Surely there can be no complacency where the health of our children and teachers is concerned (see front-page story), but the response from the National Public Health Service for Wales to recent cases of tuberculosis (TB) affecting two schools and one childminder is alarmingly so. It appears to downplay calls for a review into whether the BCG vaccination programme should be reinstated, saying there is no evidence of any adverse effect of dropping the scheme in schools.
After three cases within three months in different areas of Wales, many would beg to differ - particularly the families who have had the stress of having their child screened for the infection in recent weeks. Dr Bill Harris, a Pontypridd GP, believes it would be hard to argue the case for not reinstating the vaccination programme. Trends show that cases of TB, a debilitating infection affecting the lungs that can be life-threatening, have stopped falling. There were just 11 more cases of TB in Wales between 2000 and the end of 2005.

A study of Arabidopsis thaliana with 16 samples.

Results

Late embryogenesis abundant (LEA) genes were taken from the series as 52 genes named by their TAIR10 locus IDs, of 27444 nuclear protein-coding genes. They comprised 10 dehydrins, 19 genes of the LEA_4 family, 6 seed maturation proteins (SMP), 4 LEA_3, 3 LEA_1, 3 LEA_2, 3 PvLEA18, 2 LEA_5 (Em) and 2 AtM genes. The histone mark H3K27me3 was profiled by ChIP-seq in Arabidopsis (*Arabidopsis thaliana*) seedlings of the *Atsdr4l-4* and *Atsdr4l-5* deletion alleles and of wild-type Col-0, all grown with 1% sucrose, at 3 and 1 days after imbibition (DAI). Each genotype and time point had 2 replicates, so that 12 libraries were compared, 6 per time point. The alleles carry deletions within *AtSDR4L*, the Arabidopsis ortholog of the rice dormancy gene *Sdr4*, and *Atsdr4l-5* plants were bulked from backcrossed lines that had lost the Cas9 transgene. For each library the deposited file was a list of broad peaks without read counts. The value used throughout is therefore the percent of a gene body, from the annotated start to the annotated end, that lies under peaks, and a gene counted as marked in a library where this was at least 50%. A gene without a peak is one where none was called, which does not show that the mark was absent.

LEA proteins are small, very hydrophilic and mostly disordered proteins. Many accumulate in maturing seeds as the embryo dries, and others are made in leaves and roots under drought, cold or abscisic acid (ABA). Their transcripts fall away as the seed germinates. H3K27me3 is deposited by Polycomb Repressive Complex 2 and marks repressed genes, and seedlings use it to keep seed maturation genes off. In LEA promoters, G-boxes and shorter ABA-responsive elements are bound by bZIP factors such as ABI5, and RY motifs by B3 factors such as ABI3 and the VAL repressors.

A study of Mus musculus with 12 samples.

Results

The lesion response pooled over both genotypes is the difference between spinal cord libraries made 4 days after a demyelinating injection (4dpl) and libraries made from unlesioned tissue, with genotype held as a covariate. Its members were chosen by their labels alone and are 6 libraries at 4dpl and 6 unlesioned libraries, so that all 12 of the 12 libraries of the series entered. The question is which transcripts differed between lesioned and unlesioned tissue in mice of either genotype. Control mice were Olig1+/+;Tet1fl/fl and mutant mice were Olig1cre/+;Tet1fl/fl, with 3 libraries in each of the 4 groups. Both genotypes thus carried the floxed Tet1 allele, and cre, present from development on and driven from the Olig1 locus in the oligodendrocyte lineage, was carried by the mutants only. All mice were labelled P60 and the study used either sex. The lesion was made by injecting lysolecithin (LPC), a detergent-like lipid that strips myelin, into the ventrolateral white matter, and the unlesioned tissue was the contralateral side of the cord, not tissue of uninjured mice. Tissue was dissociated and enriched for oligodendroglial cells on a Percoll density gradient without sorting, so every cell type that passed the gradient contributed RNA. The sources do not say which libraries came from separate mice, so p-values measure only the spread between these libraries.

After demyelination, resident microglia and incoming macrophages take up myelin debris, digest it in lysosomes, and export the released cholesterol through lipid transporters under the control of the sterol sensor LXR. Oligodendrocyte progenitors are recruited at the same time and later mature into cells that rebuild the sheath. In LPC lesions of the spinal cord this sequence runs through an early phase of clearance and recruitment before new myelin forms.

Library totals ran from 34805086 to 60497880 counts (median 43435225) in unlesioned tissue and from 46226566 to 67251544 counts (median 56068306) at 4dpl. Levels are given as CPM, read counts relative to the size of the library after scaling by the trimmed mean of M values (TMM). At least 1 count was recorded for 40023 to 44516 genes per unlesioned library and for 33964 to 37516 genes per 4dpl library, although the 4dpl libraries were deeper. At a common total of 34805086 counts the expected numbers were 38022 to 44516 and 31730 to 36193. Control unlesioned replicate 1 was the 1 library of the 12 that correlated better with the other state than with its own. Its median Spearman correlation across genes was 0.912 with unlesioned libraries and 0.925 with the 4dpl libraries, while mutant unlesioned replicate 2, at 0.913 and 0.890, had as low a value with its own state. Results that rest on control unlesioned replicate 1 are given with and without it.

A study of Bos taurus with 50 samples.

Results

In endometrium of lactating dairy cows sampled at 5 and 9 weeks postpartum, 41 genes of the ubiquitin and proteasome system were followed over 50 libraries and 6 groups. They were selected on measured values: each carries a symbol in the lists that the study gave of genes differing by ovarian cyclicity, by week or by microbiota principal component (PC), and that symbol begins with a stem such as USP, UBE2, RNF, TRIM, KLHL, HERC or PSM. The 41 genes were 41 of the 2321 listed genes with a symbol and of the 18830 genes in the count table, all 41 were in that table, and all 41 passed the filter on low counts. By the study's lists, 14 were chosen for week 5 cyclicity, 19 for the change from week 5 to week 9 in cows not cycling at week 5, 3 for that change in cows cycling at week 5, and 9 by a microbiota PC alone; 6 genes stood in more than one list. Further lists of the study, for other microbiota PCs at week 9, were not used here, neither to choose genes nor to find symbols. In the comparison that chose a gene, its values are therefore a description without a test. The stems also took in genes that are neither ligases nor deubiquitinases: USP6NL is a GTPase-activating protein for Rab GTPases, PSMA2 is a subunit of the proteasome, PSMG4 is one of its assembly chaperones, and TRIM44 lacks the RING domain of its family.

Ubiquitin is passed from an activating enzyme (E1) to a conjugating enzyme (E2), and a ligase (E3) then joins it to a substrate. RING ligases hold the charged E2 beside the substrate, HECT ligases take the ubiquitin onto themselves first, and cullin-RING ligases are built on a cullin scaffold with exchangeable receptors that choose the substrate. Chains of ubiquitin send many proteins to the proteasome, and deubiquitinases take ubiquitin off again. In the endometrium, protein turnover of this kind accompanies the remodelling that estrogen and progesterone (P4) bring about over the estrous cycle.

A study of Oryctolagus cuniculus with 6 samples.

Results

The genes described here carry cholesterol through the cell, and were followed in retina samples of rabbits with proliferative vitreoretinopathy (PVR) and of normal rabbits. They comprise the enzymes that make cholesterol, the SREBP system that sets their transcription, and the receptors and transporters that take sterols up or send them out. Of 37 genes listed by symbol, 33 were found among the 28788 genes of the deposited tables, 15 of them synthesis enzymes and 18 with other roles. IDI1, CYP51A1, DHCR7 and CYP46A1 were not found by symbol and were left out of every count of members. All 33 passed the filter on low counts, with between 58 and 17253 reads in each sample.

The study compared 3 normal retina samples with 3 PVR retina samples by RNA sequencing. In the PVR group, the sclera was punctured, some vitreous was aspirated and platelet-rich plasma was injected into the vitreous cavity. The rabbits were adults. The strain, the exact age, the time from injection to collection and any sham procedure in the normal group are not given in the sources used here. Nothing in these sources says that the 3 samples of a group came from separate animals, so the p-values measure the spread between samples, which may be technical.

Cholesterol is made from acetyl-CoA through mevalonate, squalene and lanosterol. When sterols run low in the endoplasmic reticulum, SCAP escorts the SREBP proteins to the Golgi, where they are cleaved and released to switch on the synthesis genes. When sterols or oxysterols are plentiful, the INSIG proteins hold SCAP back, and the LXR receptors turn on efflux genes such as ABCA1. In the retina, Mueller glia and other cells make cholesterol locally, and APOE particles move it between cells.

OK, we are not on the verge of an epidemic, but these figures still buck the trend and this should be the point at which health officials seize the initiative and take action. Teaching unions in Wales whole-heartedly back a review. They don't want their members unnecessarily put at risk.
With a decline in the number of school nurses, and headteachers under increased workload pressure, the return of the vaccination programme will be one extra thing to organise in the school day. But many would rather see that than face the prospect of the entire school being screened once a pupil contracts the disease.
Such is the concern of Janet Ryder, shadow education spokesperson, that she is taking the initiative by writing to Edwina Hart, in her new role as Wales's health minister, to call for a review. Let's hope that Ms Hart will listen, and that teachers, parents and pupils can rest assured that the authorities are taking their health risks seriously. As the old saying goes, prevention is better than cure.